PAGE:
CBVs and Legal Matters
In this article, we discuss some of the ways a Chartered Business Valuator (CBV) is often asked to assist in various legal matters.
CBVs and Litigation
In litigation, CBVs are often involved as either independent “expert witnesses” or non-independent litigation consultants.
- An expert witness is an opinion witness of the court. An opinion witness does not have direct involvement in the matter that is before the proceeding until after the incident occurred, and is relied on to provide an opinion on the matter based on their specific expertise. This is different from a fact witness, which is a person who has direct involvement in the matter.
- An expert is a person with specialized skills, knowledge, experience, or training in a specific subject matter area that is pertinent to the legal proceeding. To be an expert witness, the expert must be clear of any conflicts.
- Prior to becoming an expert witness, the expert prepares an expert report to be used as evidence in litigation. Experts must be accepted by the court and qualified as an expert witness at the time of trial to testify in a proceeding related to matters of their specific expertise.
- An expert witness must be independent and objective, and it is their duty to assist the court impartially on matters relevant to their area of expertise.
CBVs as Expert Witnesses
CBVs are regularly relied on in legal proceedings to assist in the following areas:
- Disputes where a business valuation is required;
- Dispute-related matters such as shareholder, intellectual property, contract, and matrimonial disputes;
- Quantification of economic/ financial losses; or
- Other conclusions of a financial nature.
A CBV may be asked to prepare an independent written report, which will be entered as an exhibit in litigation. This report is known as an “expert report”, which is a written communication containing a conclusion as to the quantum of financial loss, or any conclusion of a financial nature in the context of litigation or a dispute, prepared by an expert acting independently. In situations where the fair market value of a business or asset/liability is required, an expert report may contain a valuation conclusion.
A CBV may also prepare a limited critique report, which has the purpose of commenting on another expert’s report but does not include a separate financial conclusion. In a limited critique report, comments are provided with respect to the approach and techniques used and calculations in the original report, subjective matters such as the selection of discount rates, and whether the original report is suitable for the purpose at hand.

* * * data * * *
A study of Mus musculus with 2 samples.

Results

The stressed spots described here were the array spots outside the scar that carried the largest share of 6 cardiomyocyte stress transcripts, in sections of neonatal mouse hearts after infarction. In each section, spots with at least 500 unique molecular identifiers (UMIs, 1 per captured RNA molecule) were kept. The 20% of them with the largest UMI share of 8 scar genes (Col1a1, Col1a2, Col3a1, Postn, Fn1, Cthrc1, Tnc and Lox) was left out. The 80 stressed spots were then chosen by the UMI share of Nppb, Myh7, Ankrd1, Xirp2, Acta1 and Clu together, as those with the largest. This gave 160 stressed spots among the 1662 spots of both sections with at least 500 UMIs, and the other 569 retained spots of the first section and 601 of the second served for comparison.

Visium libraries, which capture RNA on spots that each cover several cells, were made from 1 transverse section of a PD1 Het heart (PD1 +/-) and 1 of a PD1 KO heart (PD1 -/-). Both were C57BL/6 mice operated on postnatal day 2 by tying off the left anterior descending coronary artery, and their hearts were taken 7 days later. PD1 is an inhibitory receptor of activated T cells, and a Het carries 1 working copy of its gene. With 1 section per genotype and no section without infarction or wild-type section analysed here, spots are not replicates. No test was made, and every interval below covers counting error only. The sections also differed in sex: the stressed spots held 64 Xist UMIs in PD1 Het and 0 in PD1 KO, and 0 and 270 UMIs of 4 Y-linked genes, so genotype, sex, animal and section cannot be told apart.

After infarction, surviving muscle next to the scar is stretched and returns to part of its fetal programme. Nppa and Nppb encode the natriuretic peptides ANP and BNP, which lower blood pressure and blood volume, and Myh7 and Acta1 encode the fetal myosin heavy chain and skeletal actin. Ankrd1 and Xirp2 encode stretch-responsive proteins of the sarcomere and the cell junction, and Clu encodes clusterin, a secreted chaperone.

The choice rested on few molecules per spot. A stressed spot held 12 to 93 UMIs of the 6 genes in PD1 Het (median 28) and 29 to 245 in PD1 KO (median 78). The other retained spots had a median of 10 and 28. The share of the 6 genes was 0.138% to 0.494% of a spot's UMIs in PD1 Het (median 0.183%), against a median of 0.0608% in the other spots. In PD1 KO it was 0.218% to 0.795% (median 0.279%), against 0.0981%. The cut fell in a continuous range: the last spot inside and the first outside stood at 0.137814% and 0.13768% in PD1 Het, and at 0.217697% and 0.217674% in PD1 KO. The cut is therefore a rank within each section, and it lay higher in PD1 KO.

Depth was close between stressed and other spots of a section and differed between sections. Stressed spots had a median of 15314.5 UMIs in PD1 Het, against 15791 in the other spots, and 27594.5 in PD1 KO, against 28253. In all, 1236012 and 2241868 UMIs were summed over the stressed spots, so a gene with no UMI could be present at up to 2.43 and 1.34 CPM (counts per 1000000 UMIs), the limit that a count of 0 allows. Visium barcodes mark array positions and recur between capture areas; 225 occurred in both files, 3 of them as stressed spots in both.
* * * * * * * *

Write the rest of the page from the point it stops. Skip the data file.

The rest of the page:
CBVs as Litigation Consultants
A CBV can also assist clients in litigation matters as a litigation consultant. In this case, the CBV will act as an advisor to legal counsel to promote the interests of their client. In this situation, a CBV is not considered independent, and would not be able to act as an independent expert witness during the trial or in other future litigation on this matter. In this role, a CBV generally acts as an advisor to legal counsel, will provide advice, support their client in various processes, and may advocate on their client’s behalf. Because certain valuation principles and topics are often subject to interpretation and professional judgment, the consultant is often relied on to assist the client to advance their own position in the litigation process. The litigation consultant can assist with such issues as strategy and cross-examination. A CBV acting as a litigation consultant is not independent and will not be required to testify. In some situations where a CBV is engaged as a litigation consultant, the CBV may be covered by litigation privilege.
CBVs and Family Law
CBVs are regularly involved in family law matters. CBVs are most often involved in assisting in valuation determinations related to the division of property on marriage breakdown and the determination of income for spousal or child support purposes.
If you have any questions regarding how a CBV can assist you in legal matters, please contact a member of our Financial Services Advisory Team (FSAT) team.
NOTE: This article is not intended to be legal advice. Please contact a lawyer to discuss the legal implications discussed in this article further.